Three steps to dissolving that mental roadblock
When you know what to do but don’t want to do it, chances are good that something deceptively simple is getting in the way — a word.
Words can be healing. And words can be roadblocks. This is because they are not “simple” at all — they’re chock full of associations. Of course, half the time we’re not even fully aware that they are driving us up the wall. For example …
- You know that you need a plan to finally get your financial situation in order, but the word “plan” is loaded for you and subconsciously sets off your stuff. Every time you think the word you become too annoyed and stressed out to even start.
- Some clients come to me because they know it’s time to out themselves as performers, to admit to being singers and writers, or to finally “do something” with their art. But their loud negative associations with words like “artist” and “performance” slow them down to the point that they can’t truly self-identify with the thing they want to be doing.
- If, like me, you came late to the world of business, you might be dealing with regular resistance to concepts like “networking”, “marketing” and other yucky words which are setting off your internal “ewwwwwwwww” alarms.
What not to do about it
Maybe you’ve noticed this kind of thing happening. Or maybe it’s happening on a less conscious level and you just aren’t doing the thing you think you want to be doing and aren’t quite sure why.
Welcome to the club. Yup, if you’re having allergic reactions to words, you’re not alone. It’s natural and normal and happens to just about everyone. We all have issues around words and luckily, there’s a pretty decent cure.
If a word is setting off your stuff, you might be tempted to ignore it or bulldoze through it. Don’t do it! The “get over it already” school leads to repression, pain and more trouble later on. If you want to move through the current state of word “stuckification”, there are three steps you can take to get there. But first, a little bit about …
The hidden life of words
Words have a hidden emotional charge that is highly individual. Life experience adds up and gives words layers of powerful and subtle associations, attaching secret definitions that are both complex and very personal.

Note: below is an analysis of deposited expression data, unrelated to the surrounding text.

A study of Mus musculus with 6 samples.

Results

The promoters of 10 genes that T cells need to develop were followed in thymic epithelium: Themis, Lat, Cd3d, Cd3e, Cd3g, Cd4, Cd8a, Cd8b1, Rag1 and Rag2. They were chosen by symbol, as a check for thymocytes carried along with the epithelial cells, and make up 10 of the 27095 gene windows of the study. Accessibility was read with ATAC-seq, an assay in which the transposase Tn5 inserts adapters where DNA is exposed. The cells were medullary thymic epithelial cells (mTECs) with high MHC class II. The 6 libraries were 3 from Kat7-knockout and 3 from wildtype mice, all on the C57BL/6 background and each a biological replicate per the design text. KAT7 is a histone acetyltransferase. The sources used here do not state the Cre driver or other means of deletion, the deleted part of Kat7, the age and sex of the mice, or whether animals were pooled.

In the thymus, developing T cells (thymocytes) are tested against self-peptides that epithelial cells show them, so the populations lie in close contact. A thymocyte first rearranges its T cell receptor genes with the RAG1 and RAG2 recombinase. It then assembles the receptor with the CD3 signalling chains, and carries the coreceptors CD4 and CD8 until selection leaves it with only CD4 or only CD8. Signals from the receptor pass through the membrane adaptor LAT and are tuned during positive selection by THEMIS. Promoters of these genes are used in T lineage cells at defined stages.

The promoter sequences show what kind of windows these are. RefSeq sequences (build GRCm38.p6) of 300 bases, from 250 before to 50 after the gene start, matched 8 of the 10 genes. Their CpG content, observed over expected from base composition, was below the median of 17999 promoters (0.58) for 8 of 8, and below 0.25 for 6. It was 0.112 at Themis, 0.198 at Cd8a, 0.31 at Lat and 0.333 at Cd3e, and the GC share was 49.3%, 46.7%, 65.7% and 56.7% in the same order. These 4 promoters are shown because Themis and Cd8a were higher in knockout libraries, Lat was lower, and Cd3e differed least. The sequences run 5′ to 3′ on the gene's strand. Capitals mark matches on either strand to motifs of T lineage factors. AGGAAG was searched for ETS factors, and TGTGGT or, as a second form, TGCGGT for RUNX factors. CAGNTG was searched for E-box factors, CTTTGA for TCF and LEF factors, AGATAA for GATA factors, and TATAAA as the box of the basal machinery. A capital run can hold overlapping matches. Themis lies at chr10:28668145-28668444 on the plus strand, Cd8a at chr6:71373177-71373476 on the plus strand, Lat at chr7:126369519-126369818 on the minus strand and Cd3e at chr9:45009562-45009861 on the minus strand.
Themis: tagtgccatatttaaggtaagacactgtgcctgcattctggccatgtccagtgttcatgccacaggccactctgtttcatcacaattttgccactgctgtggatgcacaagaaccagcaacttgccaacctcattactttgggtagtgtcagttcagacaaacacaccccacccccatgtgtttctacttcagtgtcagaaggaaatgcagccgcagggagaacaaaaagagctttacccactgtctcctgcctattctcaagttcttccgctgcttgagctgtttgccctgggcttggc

Take the word “plan” again. When Sunny has a problem she likes to sit down and come up with a plan. Working on the plan helps her calm down instantly and feel like she’s in charge of the situation. But when Dave even thinks about planning he gets an instant stress-headache. He goes straight into “Aaaaaaargh, a plan? What if it doesn’t work, what if I’m unhappy, then what?” mode.
From the wrong word to the right one in three steps:
Rewriting your patterns starts with rewriting the words you use to describe them.
Step 1: Define the trouble word.
If we do a little linguistic mapping taken from my clients, Sunny’s definition of PLAN looks something like this:
PLAN = [+control] [+possibility] [+options] [+choices] [+freedom] [+calm] [+spacious]
Dave’s definition, on the other hand, is more like this:
PLAN = [+commitment ] [+pigeonholing ] [+danger] [+possible unhappiness] [+stuck] [+stress]
Step 2: Define the elements that you want your word to contain.
What are the characteristics of your ideal definition or your ideal result? For example, you want to move away from [+fear] [+obligation] [+consequences] and towards something that has [+safe] [+supportive][+encouragement].
Step 3: Take action. You have two options here.
Your first option is to shift your personal association by reframing the word. When I work with clients we do some semi-wacky stuff like acupressure and visualization/perception techniques to introduce the new definition into the body-mind. But you can also do this just in your head, by actively deciding that from now on, planning doesn’t need to be about being stuck. Instead, you decide that planning is actually about mapping out your options so that you’ll never be stuck.
If reframing the word doesn’t work, go with this second option: change the word. Sometimes instead of shifting the definition, it can be easier to choose a new word that already holds the qualities and positive attributes you want your ideal definition to have.
For example, Dave’s ideal definition of a plan was similar to Sunny’s positive definition, but in his case, it turned out the word PLAN was so loaded for him that it just wasn’t worth shifting. When we played with the words, we realized that he didn’t want a PLAN at all but a TREASURE MAP instead.
How do you know it’s worked? Or that you’re done?
The wrong word keeps you from moving forward, the right word gets you excited about it. It’s a little like homeopathy, in that the problem contains the solution: “Like heals like.” You use words to heal words.
Whether you’ve redefined a word or renamed it, you’ll know it’s worked because the word itself will have a glow or a resonance for you. Having a new word with built-in yummy goodness is a way to step out of the negative cycle that was being triggered for you by your problem words.
Maybe you discover that working on your treasure map is actually kind of exciting. Marketing may not make you smile, but maybe “shining your light” will. And “inspiring people to feel” could be a lot more attractive for you than “performing”.
They’re your words. And they have power when you give them power. Have some fun with them. Find ones that don’t make you roll your eyes. And who knows, maybe a little healing will happen along the way too. Stranger things have happened.